What it is:
How it works/Example:
Occasionally, companies offer call warrants (usually simply called "warrants") for direct sale or give them to employees, but the vast majority of call warrants are "attached" to newly issued bonds or preferred stock.
For example, if Company XYZ issued $100 million of bonds with call warrants attached, each bondholder might get a $1,000 face-value bond and the right to purchase 100 shares of Company XYZ stock at $20 per share over the next five years. Warrants usually permit the holder to purchase common stock of the issuer, but sometimes they allow the purchaser to buy the stock or bonds of another entity (such as a subsidiary or even a third party).
The price at which a call warrant holder can purchase the underlying securities is called the exercise price or strike price. The exercise price is usually higher than the market price of the stock at the time of the call warrant's issuance. In our example, the exercise price is $20, which is probably 15% higher than what Company XYZ stock was trading at when the bonds were issued. The call warrant's exercise price often rises according to a schedule as the bond matures. This schedule is set forth in the bond indenture.
Call warrants are not the same as call options or stock purchase rights. One important characteristic of call warrants is that they are often detachable. That is, if an investor holds a bond with attached warrants, he or she can sell the warrants and keep the bond.
Call warrants are traded on the major exchanges. In some cases where warrants have been issued with preferred stock, stockholders may not receive a dividend as long as they hold the warrant. Thus it is sometimes advantageous to detach and sell a warrant as soon as possible if the investor expects to earn more from dividends.
Call warrants tend trade above their minimum value. For example, consider the warrant to purchase 100 shares of Company XYZ for $20 per share anytime in the next five years. If Company XYZ shares rose to $100 during that time, the warrant holder could purchase the shares for $20 each, and immediately sell them for $100 on the open market, pocketing a profit of ($100 - $20) x 100 shares = $8,000. Thus, the minimum value of each warrant is $80.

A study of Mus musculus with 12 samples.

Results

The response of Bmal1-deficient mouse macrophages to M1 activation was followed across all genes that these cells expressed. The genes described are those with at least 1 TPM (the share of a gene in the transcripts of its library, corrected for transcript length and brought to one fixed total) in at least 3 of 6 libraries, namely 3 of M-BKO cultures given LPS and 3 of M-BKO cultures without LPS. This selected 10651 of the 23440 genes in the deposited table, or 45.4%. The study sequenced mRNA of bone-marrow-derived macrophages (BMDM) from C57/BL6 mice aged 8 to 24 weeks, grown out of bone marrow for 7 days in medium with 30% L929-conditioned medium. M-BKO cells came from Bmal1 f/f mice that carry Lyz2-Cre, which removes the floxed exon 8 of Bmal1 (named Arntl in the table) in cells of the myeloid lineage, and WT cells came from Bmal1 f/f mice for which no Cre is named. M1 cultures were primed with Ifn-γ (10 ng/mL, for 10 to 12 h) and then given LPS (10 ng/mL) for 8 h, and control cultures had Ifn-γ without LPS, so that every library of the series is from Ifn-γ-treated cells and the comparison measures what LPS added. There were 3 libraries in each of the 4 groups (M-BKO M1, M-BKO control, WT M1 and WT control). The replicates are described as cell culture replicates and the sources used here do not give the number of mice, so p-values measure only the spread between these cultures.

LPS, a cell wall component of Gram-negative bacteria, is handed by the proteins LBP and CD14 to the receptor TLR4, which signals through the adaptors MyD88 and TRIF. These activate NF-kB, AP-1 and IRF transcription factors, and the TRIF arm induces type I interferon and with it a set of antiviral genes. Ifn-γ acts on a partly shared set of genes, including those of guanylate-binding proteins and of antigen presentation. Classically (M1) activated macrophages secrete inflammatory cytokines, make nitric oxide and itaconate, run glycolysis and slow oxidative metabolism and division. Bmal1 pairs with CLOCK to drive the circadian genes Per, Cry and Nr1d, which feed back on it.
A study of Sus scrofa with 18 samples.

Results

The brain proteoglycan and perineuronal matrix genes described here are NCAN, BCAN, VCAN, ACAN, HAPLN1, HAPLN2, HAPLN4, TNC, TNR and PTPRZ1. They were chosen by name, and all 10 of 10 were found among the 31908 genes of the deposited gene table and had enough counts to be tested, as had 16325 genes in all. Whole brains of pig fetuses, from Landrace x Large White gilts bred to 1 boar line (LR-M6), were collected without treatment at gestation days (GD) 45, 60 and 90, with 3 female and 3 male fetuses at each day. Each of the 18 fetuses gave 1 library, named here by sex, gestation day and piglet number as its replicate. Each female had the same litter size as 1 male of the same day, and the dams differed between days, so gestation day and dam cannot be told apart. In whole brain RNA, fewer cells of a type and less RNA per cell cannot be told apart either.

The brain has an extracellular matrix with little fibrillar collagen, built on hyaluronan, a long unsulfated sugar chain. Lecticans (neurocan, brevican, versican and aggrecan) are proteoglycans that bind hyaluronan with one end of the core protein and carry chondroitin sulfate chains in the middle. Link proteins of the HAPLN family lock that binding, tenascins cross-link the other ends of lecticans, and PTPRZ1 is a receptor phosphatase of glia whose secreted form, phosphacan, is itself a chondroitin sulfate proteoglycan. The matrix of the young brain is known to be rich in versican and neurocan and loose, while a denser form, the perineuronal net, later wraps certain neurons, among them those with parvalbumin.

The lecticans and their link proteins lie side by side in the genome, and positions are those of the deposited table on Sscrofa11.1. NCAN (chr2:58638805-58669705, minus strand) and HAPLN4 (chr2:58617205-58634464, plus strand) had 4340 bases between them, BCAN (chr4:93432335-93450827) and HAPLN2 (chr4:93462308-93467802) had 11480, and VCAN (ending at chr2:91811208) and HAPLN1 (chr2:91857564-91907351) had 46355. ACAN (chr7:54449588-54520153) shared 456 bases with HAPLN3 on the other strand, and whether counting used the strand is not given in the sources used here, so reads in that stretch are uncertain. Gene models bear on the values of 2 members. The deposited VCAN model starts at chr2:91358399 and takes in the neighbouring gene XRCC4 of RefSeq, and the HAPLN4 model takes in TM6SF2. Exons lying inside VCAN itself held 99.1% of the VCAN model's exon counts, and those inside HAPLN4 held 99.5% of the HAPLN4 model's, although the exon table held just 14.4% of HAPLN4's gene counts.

It is important to note, however, that if the warrants still had a long time to expiration, investors might speculate that the price of Company XYZ stock could go even higher than $100 per share. This speculation, accompanied by the extra time for the stock to rise further, is why a warrant with a minimum value of $80 could easily trade above $80. But as the warrant gets closer to expiring (and the chances of the stock price rising in time to further increase profits get smaller), that premium would shrink until it equaled the minimum value of the warrant (which could be $0 if the stock price falls to below $20 rather than rising above $100).
Why it matters:
Warrants are not the same as call options. Call options are not detachable and they often expire far before warrants do (usually less than a year, versus five or more for warrants). For example, if the Company XYZ bond were a convertible bond, the holder could trade the bond's $1,000 par value for a number of Company XYZ shares. But if the Company XYZ bond has a call warrant attached, the investor must come up with additional money to purchase the shares at the exercise price (in this case 100 shares x $20 per share, or $2,000).
Warrants are also not the same as stock purchase rights. The exercise price of a stock purchase right is usually below the underlying security's market price at the time of issuance, whereas warrant exercise prices are typically 15% above market price at the time of issuance.
Securities with attached warrants allow the holder to participate in the price appreciation of the underlying security (Company XYZ common stock, in our example). For example, the price of a Company XYZ bond with a warrant attached tends to rise as the price of Company XYZ common stock approaches the exercise price (similar to a call option).
This opportunity to participate in the upside of another security gives investors some diversification and thus is a way to mitigate risk. As a result, companies often issue bonds and preferred stock with warrants attached as a way to enhance the demand and marketability of the offering. This in turn lowers the cost of capital for the issuer.